Journal of the British Archaeological Association, Volum 12

British Archaeological Association., 1906

Side 214 - Grove nods to grove, each alley has its brother, And half the garden just reflects the other." " Such symmetry," says Lord Byron, " is not for solitude ;" and certainly the gardens of Versailles were not planted with any such intent. The Parisians do not throng there for the contemplation to be found in the " trim gardens
Side 207 - Archaeological Institute of Great Britain and Ireland, for the Encouragement and Prosecution of Researches into the Arts and Monuments of the Early and Middle Ages.
Side 19 - It is evident that the architectural features in the buildings of which the cathedral of Monreale is the type, were subordinate, in the eyes of their builders, to the mosaic decorations which cover every part of the interior, and are in fact the glory and pride of the edifice, by which alone it is entitled to rank among the finest of Mediaeval churches.
Side 214 - ... anchors. In the middle of the pediment, within a scroll, are the arms of Villiers, viz : on a Cross, five Escallops, encircled by a garter, and surmounted by a ducal coronet : at the sides are pendant festoons. The apertures flanking the steps are ach divided by a small column, and partly closed by balustrades.
Side 211 - ... discerned or descryde by any persons or- passengers, either by scent or smoke; at sight whereof the court being sore amazed, sent speedy newes to the great lords of the Councell, who were then but newly set in the Guildhall in London, about excessive and disorderly buildings; but they all arose and returned to Whitehall, and gave directions to the multitude of people to suppresse the ftame, and by hooke to pull downe some other adjoining buildings...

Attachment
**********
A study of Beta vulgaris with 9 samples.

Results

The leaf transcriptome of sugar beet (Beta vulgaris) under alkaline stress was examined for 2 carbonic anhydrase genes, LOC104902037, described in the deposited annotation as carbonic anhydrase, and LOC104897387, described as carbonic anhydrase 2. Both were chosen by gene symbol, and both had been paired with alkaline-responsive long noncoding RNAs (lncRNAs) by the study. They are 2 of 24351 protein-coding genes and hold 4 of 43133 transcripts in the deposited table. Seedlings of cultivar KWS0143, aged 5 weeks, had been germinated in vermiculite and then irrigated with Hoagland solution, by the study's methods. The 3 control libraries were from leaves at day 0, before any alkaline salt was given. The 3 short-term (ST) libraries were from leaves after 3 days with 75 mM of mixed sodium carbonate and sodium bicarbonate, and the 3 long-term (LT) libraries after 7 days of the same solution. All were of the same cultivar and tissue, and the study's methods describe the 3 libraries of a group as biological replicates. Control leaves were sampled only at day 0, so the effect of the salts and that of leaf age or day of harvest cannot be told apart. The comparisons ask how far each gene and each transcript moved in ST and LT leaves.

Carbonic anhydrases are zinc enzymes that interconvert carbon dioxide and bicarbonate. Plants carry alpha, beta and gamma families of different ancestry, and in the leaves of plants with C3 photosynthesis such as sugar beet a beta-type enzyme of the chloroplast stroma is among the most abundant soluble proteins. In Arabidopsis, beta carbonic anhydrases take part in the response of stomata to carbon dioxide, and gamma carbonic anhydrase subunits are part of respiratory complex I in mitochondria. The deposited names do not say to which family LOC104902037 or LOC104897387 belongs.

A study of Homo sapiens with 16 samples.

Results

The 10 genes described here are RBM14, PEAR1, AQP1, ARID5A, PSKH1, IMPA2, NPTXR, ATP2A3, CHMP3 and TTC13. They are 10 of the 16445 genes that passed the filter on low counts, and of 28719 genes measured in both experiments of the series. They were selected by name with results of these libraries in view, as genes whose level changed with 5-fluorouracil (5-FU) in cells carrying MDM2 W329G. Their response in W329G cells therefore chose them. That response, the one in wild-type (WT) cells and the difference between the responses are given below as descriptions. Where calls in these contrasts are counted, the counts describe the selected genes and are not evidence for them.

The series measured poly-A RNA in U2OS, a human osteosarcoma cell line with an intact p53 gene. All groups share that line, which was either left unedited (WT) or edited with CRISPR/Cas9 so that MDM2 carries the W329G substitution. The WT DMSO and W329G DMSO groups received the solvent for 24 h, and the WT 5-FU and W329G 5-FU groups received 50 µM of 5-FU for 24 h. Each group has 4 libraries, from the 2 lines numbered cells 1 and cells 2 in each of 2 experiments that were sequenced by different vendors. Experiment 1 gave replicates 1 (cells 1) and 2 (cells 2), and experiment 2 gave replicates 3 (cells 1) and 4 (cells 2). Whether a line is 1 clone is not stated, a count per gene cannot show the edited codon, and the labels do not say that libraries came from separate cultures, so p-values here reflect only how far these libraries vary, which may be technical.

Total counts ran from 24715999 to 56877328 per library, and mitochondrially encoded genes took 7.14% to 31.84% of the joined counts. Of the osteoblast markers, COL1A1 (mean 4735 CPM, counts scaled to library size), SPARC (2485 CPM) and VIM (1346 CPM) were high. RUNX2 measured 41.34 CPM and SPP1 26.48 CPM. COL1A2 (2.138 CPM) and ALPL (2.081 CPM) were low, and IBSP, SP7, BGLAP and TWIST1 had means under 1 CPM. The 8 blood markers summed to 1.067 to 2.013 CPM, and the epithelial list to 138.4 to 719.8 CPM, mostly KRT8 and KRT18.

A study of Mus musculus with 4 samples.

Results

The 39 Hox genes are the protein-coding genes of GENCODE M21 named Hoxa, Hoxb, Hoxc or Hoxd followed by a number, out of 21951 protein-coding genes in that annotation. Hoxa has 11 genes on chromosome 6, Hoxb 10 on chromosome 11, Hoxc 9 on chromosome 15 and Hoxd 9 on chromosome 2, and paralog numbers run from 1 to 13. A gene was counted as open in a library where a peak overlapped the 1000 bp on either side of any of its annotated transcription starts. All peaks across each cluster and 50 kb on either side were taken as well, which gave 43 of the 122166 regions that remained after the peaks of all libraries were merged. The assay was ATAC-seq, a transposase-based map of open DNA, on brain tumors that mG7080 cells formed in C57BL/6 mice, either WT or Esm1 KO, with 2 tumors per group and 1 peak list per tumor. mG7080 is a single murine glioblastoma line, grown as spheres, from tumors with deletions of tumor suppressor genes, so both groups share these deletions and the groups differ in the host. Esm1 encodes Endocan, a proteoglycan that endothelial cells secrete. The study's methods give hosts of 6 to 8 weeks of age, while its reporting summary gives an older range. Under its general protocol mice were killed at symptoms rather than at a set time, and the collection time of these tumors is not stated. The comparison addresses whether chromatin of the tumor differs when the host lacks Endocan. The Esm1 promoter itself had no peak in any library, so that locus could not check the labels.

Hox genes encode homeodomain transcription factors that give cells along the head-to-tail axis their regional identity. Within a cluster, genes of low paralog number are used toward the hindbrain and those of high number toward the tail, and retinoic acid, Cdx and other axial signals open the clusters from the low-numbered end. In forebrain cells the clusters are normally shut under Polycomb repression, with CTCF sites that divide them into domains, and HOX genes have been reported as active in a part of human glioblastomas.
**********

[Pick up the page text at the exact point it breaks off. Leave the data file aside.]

Side 78 - And when the man that had the line in his hand went forth eastward, he measured a thousand cubits, and he brought me through the waters; the waters were to the ankles.
Side 12 - ... of avarice and prodigality ; and in their eager thirst of wealth and dominion, they despise whatever they possess, and hope whatever they desire. Arms and horses, the luxury of dress, the exercises of hunting and...
Side 12 - ... centuries pass by. Rude hands break open the granite lids of their sepulchres, to find tresses of yellow hair and fragments of imperial mantles, embroidered with the hawks and stags the royal hunter loved. The church in which they lie, changes with the change of taste in architecture and the manners of successive ages. But the huge stone arks remain unmoved, guarding their freight of mouldering dust beneath gloomy canopies of stone, that temper the sunlight as it streams from the chapel windows.
Side 229 - removed them all from the land of their birth, and scattered them throughout the other districts of Scotland, both beyond the hills and on this side thereof, so that not even a native of that land abode there, and he installed therein his own peaceful people.